Wednesday, August 15, 2012

XML Programming Basics with the Magic XPA Application Platform

XML is so commonplace today, that we may tend to forget what it really is and what it really does or does not do. First off, XML stands for Extensible Markup Language.  XML uses a flexible standards-based format, which enables you to easily share data. Unlike HTML whose purpose is to display data, XML’s purpose is simply to provide a format by which one can store and transport data. Unlike HTML, there are no predefined tags.

I made up my own tags for this example:

  <blog_name>Magic Application Platform</blog_name>

XML doesn’t do anything by itself, it is simply formatted data. Someone must write software to send, receive or display  XML. That’s where the Magic xpa Application Platform comes into the picture.

Magic xpa provides you with the ability to use XML documents as a standard data source in your applications. You can define an XML data source (XML view) in the Data repository and define a task to manipulate and handle the XML data.  
When using an XML data source, you can create Magic xpa tasks (Batch, Rich Client and Online) that read and manipulate XML documents using XML views. The XML views can be defined in tasks either as a main source or as a linked source.
You can also verify the validity of XML documents using the XMLValidate and XMLValidationError functions. XML schema namespaces are automatically handled by Magic xpa. XML and XSD files that use namespaces do not require any applicative translation between aliases and URIs.  

Earlier versions provided functions for working with XML, but XML manipulation is even easier with Magic xpa today. Now you can work with XML using the XML data source.
The following are provided by Magic xpa to enable you to work with XML data sources:
      1. The XML File entry in the DBMS repository
      2. The XML Defaults tab in the DBMS Properties dialog box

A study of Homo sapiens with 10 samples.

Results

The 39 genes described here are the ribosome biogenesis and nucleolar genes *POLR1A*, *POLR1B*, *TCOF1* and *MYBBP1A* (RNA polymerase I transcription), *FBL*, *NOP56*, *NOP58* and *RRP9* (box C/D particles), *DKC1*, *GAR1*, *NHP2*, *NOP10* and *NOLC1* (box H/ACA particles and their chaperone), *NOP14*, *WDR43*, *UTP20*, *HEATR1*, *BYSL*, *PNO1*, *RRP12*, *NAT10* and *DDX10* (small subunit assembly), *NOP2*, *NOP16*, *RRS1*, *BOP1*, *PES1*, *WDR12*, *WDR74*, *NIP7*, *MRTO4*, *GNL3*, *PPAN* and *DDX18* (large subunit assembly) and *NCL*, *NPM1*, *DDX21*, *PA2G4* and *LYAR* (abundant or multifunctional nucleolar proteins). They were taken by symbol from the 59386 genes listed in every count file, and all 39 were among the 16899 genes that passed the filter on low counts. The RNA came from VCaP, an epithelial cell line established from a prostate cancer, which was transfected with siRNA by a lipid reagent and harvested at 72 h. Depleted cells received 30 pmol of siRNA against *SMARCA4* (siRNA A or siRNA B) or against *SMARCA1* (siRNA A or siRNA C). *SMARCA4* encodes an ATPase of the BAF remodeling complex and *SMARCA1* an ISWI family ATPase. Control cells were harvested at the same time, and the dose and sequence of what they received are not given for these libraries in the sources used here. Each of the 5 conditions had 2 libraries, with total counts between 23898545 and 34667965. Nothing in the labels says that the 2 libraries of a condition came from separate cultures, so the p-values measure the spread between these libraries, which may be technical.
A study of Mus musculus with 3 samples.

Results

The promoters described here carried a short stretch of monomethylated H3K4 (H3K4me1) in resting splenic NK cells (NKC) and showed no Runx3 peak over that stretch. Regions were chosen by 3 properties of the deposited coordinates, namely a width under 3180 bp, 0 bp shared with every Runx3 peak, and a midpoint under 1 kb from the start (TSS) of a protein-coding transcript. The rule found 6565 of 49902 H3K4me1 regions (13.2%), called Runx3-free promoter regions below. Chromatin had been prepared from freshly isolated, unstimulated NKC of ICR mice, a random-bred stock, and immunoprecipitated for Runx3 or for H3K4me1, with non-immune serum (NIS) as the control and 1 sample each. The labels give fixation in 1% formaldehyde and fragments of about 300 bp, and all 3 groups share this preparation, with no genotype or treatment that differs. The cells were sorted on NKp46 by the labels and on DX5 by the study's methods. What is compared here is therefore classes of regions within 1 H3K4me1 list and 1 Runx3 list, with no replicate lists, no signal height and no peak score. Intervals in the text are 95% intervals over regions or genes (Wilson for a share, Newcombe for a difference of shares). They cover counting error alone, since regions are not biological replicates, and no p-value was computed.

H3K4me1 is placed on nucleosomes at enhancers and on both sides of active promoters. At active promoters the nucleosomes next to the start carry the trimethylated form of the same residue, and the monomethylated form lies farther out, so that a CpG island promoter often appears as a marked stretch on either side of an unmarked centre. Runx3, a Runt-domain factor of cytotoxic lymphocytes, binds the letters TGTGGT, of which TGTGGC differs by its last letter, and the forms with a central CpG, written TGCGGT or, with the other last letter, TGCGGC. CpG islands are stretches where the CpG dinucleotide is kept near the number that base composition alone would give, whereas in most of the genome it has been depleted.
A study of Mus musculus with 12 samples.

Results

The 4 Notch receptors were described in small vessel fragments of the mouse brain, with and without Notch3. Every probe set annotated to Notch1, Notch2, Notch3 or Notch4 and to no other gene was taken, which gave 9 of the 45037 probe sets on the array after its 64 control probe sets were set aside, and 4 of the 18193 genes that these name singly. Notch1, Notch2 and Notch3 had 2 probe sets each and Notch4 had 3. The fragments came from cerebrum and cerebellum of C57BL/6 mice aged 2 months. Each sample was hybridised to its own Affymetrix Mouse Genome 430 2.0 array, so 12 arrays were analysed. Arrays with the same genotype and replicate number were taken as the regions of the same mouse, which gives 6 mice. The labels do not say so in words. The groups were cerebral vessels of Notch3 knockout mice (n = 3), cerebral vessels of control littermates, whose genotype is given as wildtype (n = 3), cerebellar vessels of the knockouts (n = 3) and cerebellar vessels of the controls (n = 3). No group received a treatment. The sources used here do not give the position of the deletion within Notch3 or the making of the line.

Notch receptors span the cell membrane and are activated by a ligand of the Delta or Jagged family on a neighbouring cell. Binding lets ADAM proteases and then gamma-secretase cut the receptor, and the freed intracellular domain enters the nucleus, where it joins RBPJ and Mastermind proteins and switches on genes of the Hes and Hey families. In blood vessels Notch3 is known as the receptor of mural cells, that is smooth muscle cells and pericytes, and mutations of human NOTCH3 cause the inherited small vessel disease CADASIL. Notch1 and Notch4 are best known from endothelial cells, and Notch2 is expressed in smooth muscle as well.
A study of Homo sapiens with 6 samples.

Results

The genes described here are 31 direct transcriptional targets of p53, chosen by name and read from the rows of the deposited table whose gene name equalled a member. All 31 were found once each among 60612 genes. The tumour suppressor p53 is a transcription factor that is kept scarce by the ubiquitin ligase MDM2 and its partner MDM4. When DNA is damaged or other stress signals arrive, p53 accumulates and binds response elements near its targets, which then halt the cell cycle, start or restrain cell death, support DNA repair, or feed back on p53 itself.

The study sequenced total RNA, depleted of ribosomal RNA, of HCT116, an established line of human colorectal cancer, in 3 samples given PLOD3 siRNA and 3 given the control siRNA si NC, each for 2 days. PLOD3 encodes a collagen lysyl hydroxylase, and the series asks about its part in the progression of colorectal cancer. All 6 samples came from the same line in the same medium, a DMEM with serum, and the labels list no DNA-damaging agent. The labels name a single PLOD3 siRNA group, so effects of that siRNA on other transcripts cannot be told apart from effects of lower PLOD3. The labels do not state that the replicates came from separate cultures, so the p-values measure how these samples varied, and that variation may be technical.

3. The Temporary Data Source property in the Database Properties dialog box
      4. The XSD section in the Column Properties sheet
Defining an XML data source is done by loading definitions from an XML schema (XSD). If you do not  have a schema that describes the XML document structure that you want to work with, you should use an external tool, such as XMLSpy®, to generate the XML schema.
When parked on a line in the Data repository, you can define a single view for a specific XML schema.
When parked on top of the Data repository (# column), this utility will generate all required views for the XML schema and optionally will generate programs for reading and writing XML documents that are based on this schema. This method lets us reload schemas in order to update existing views.
If the schema file that you selected has several global elements (roots), the Root Selection list will appear. Select one of the roots in order to load it. For schemas with defined namespaces, the namespace URI will be displayed next to the global element name.
When you get the definition of an XML schema, and the Name column has no value, the column will be assigned with a default value: <schema file name with the suffix>.<root element name>. For example: If you use a file called "po.xsd", the name that will appear in the Name column will be "po.purchaseOrder".

Similarly, if the Data source name column has no value, the column will be assigned with a default value: <root element name>.xml . For example: If you use a file called "po.xsd", the name that will appear in the Data source namecolumn will be "purchaseOrder.xml".

To restrict the number of complex elements parsed from a schema (XML views), use the SpecialSchemaSizeLimit setting.

In our next entry, XML Deep Dive with the Magic xpa Application Platform, we’ll more fully explore the detailed usage of XML in Magic xpa. For a detailed look at XML Handling or XSLT for XML Transformations in the Magic xpi Integration Platform see the Integrate My JDE blog which covers JD Edwards ERP integration and a very wide array of related topics.